Selfish Dublin drivers are causing havoc on the roads for our ambulances by driving dangerously and even texting while behind the wheel.
In an exclusive interview with a member of the HSE's Ambulance Service, the Herald has learned that some of the city's worst drivers regularly impede the life-saving journeys of paramedics.
Darryl Coen, operations manager at Dublin South Central Ambulance Station, let the Herald join his crew on duty across the city last week.
During the shift, Darryl pointed out a high number of drivers reacting slowly, blocking and even texting while his Rapid Response Vehicle, displaying a blue light, made its way to several emergencies.
"A lot of traffic is hard for us to get through and we're on the way to life-saving journeys," said Darryl, who is based at the Drimnagh HQ.
"Pedestrianisation would actually help ambulances get through the city because there'd be less cars.
"I've noticed traffic has got much worse since the recovery in the last year.
"More people are on the roads, more people are driving selfishly, not thinking of the emergency services, and we're trying to get to someone whose life may depend on us.
"A lot of drivers are texting, not paying attention to what they're doing on the road, causing hazards and we are the last thing on their mind.
"Then people don't move out of the way quickly enough and we have drivers sitting in yellow box junctions when an ambulance needs to get by.
"It's about consideration, and not just for the emergency services but for every driver and pedestrian.
"But I really feel there's an increasing selfishness on the road. Why would anyone behave aggressively towards an ambulance driver? But they do with their behaviour on the road."
During the afternoon spent with advanced paramedic Darryl, who has worked at all types of distressing emergencies, the Herald spotted drivers young and old misbehaving while the Rapid Response Vehicle was in emergency mode.
Some were texting and others blocked the vehicle at junctions.
Other drivers reacted very slowly before moving and some had to be beeped to move out of the driver's way.
"In our job we haven't got time to wait seconds. So I really do wish drivers would think," said Darryl.
During a few hours, he attended three scenes. In one, a young woman had fallen in the street and hit her head, and in another an elderly lady, a cancer sufferer, had fallen in the shower.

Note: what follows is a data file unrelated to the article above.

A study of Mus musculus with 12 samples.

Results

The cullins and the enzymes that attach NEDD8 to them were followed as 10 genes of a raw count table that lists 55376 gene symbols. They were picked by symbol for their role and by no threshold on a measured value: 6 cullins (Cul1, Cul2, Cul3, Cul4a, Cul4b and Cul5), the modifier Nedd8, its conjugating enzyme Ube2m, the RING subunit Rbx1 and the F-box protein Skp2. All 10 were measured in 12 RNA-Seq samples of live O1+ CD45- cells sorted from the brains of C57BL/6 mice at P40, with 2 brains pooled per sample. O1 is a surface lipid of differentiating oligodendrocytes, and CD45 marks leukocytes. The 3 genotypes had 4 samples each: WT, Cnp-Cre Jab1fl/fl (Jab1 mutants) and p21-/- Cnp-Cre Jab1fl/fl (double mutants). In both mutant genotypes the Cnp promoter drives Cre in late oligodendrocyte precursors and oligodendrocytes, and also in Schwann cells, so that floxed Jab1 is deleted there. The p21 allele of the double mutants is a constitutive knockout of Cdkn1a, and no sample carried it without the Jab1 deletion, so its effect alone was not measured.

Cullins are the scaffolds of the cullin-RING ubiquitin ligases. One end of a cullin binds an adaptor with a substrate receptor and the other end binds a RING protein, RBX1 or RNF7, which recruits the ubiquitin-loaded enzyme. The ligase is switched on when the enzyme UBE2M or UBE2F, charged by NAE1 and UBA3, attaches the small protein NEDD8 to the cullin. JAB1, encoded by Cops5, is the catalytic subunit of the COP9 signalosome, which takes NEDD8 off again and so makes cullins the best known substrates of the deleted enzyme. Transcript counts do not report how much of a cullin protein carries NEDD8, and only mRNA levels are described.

In the third, an elderly man had fallen in his home. He already appeared to have a fractured arm from a previous fall left untreated.
The older woman, treated and comforted by the Ambulance Service while her concerned husband looked on, had become weak after chemotherapy and that's when she took a fall.
However, just as was the case with the young woman who slipped on the street, it was clear there was complete trust for the paramedics treating her written across her face.
"Half of the job is treating someone who's in need of medical care and transporting them to hospital," said Darryl.
"But the other half is caring for them, relaxing them. If someone is having a cardiac arrest, it is much easier to treat them if you make them as calm as possible."
For all the professionalism and compassion the paramedics of Dublin offer the city's people, there are times when they also need care.
There's a counselling room at the HQ, where one paramedic spent time in recent days as he dealt with the loss of an 11-day-old child.
He did everything he could to save the infant but was crushed when he was unable to.
"It happens, we lose people and it's very hard but it's the job," said Darryl.
"That's why we have peer support and counsellors.
"Counsellors sit down with the guys, there's a few tears, and maybe shouting. I haven't been trained in counselling but we deal with the problems too."
Darryl, like all the paramedics in Dublin, will forever have some of Ireland's most devastating incidents etched in his memory.
For him, the Kentstown bus crash in 2005 was one of the most painful events to recall, though his training means he is much better able to deal with such events than a member of the public.
Five schoolgirls were killed in the incident in Trim, Co Meath, and Darryl, working as a paramedic, had to come face-to-face with a woman he knew, whose daughter, also known to him, was lying dead on the ground.
The Bus Eireann school bus had been carrying 51 pupils when it overturned as it was rounding a bend.
"I was the third ambulance on the scene. A bus rolled over and five girls were killed. We had 20 crew at that emergency," said Darryl.
"Though it was a big incident, we dealt with it very well, but there was a lot of other stuff went on.
"I knew one of the girls who was dead and the mother was there, so even something like that, you have to deal with it - there is no choice."
Though the team has had to deal with numerous gangland shootings as the Kinahan-Hutch feud has spiralled out of control, these scenes are surprisingly not the most stressful to a paramedic.
"We get on the scene and help the victim as best we can, just as we do in every single case," said Darryl.
"But we don't worry about danger there because the shooter has already gone. We are just dealing with the person who's been shot and trying our best to save their lives.
"Everyone, no matter what background they are from, is the same to us when they need our help. We try to save them with all we have.
"There are some addresses we won't go to without the guards but we do go to them. The difference between us and the guards or customs is that everyone who needs our help wants us to come in the door.
"There's one sure thing in life though, death and taxes, and we try to help people stay alive for as long as they can."